Mortgage ... or pension?

Being a newbie to all this money-saving, I've spent the past year over-paying my mortgage as much as I can. It's very slow-going as I can't afford much but it's also very satisfying to see the outstanding amount reducing.
However, as time has gone by and I've learned more about savings/interest/pensions etc, I've realised that it's wiser to go down the 'mortgage-neutral' route, so I've stopped overpaying the mortgage and have started pushing my spare cash either into savings on into my pension. Everything I've read suggests that it's far more productive to do this as the rate of the return on the pension far outweighs the interest on mortgages at the moment.
I would like some opinions on why people are paying off the mortgage rather than saving/paying into pensions just to see if I'm missing something. I understand that if you're some way off 55, then money in pensions isn't retrievable, but still ... is it an emotional thing (which I totally understand)?

  • SonOfSonOf Forumite
    I would like some opinions on why people are paying off the mortgage rather than saving/paying into pensions just to see if I'm missing something.

    Because sites like this, which are not authorised to give advice and do not carry out financial planning, focus mostly on the unregulated side of things. This site is focused on money saving. Not making the most of your money.

    So, repaying the mortgage earlier saves you money over not repaying it earlier. The fact it's not the best thing to do with most people is irrelevent to the objective of this site.

    That said, there is an emotional side to clearing your mortgage earlier and there will be scenarios where paying more off the mortgage is better (those overextended at risk if mortgage rates increase). However, someone with sound finances (especially if higher rate taxpayer) should be looking at the pension tax wrapper.
  • I've also cut back my mortgage overpayments and pile into a SIPP now when I can. I do however still do both to balance off the heart and head driven decisions; the security-blanket of reducing the large London-sized mortgage (heart) and the long term financial prudence and tax efficiency as a higher rate tax payer of a pension (head).
  • TropicallyTropically Forumite
    Mortgage started at £318,000 in June 2016. Original MF - 2041 :eek:
    2nd Property Mortgage at £275,000. Mortgage free: 2049 :eek:
    Total OPs: £29529
  • julicornjulicorn Forumite
    Original mortgage: December 2017, £203,495
    MFW start: April 2018, £201,800
    Mortgage neutral: September 2022, mortgage redeemed: December 2022
    New house, new mortgage: December 2022, £276,007
    Current balance: £223,500
  • Trina90Trina90 Forumite
    Mortgage started 2015: £150,000 2016: £130,000 2017: £116,000 2018: £105,000 2019: £88,000 2020: £69,000 2021: £51,195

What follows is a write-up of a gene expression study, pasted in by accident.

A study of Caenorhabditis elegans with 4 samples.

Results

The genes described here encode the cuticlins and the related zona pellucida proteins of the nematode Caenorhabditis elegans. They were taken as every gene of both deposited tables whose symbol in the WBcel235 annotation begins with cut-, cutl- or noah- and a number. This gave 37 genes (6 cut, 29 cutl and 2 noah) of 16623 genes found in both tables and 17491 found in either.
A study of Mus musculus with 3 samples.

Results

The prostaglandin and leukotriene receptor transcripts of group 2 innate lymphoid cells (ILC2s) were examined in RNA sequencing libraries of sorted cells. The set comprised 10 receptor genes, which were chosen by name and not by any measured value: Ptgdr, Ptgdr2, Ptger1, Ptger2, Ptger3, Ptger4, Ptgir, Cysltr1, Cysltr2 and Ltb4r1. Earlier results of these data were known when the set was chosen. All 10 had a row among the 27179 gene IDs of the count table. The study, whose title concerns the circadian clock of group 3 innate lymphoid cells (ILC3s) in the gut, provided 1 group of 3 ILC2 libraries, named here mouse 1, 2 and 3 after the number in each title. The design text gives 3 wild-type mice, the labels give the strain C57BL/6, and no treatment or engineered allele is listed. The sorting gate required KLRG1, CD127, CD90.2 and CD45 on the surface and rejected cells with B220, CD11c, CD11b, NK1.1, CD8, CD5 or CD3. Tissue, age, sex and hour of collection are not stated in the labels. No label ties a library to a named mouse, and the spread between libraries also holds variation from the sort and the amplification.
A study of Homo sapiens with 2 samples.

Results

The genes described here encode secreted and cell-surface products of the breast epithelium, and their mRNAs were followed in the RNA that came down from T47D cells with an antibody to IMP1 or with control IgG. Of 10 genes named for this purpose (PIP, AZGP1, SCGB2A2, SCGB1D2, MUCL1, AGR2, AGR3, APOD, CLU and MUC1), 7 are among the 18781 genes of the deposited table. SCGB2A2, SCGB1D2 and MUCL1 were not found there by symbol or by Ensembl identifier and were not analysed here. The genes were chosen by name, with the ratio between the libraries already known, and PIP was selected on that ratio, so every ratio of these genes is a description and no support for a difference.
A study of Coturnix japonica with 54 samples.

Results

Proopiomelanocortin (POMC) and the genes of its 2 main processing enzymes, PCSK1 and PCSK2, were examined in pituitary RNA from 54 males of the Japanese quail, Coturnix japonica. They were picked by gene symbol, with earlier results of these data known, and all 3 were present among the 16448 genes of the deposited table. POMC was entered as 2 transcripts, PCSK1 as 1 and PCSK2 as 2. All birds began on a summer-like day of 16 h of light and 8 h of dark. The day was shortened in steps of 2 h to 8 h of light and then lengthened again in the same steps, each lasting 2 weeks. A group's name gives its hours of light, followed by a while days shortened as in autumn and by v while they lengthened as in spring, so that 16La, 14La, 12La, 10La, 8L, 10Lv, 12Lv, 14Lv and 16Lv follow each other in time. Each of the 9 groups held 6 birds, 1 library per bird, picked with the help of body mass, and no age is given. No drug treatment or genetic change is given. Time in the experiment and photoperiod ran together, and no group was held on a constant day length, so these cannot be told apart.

• Magnus91Magnus91 Forumite
    66 Posts
    For me it's definitely the emotional response of seeing the mortgage decrease also coupled with the fact that my job isn't the most stable so I'd rather pay down the mortgage asap.

    I'm also only a first time buyer, so plan to move again to my forever home in the future, so need the increased equity.

    I'm paying the amount into my mortgage to get the maximum employer contributions and still about 40 years off retirement! I also don't want to invest money into stocks/shares due to the fact that I might need it to move within 5 years.
  • bownyboybownyboy Forumite

    The reason being it gives me more peace of mind knowing I have easy access to money should life throw a curve ball, rather than it all being tied up in bricks and mortar.

    That was in 2013 and six years later we could pay off the mortgage if we wanted, but instead choose to let the money grow.
    early retirement wannabe
  • TrixysticksTrixysticks Forumite

    Dave Ramsey suggests 15% to pension and anything else to mortgage so you do both simultaneously. I think this is great advice personally.
    April 2016 Mortgage- £160,000.00 :eek:
    October 2017 Mortgage- £138,322.06 :beer:
    October 2018 Mortgage- £131,898.31 :j
    October 2020 Mortgage- £103,084.00
    July 2022 Mortgage- £82000
  • varforvarfor Forumite

    There’s no guarantee stocks will rise but I think it’s important to be contributing to retirement each year. As much as I’d like to overpay fully, 5-10 years of missed investment growth could be a big loss.

    One reason I overpay is because 25 years is a long time and who knows what my job situation, interest rates etc will be. We don’t even know what’s going to happen in October!

    The closer I get to mortgage neutral more free I feel!
    2019 MFW #118: 9474/4000 | 2020 MFW #112: 2500/2500 | 2021 MFW #21: 1890/1920 | 2022 MFW #NA: 2180/1920
  • BegseyBegsey Forumite
    129 Posts
    We'd like the mortgage paid off, but also want to be in the position to retire at 55.
    Mortgage due paid off at 52, I'd like to get that down to 50 (currently 45 1/2) to give us time to get more money behind us.
    Pensions are LGPS and RPS, I put the max into mines (15% to keep my protected status) and the OH puts money into hers as well. We invest it into the highest risk available because if we get to 55 and it isn't doing well, we can just work on.
    Now looking at other options for investing (too little too late?) as I don't think the pension and paying off the mortgage is enough. We've still got one child at secondary school and 2 at primary school though, so we've got the expense of their futures to consider as well.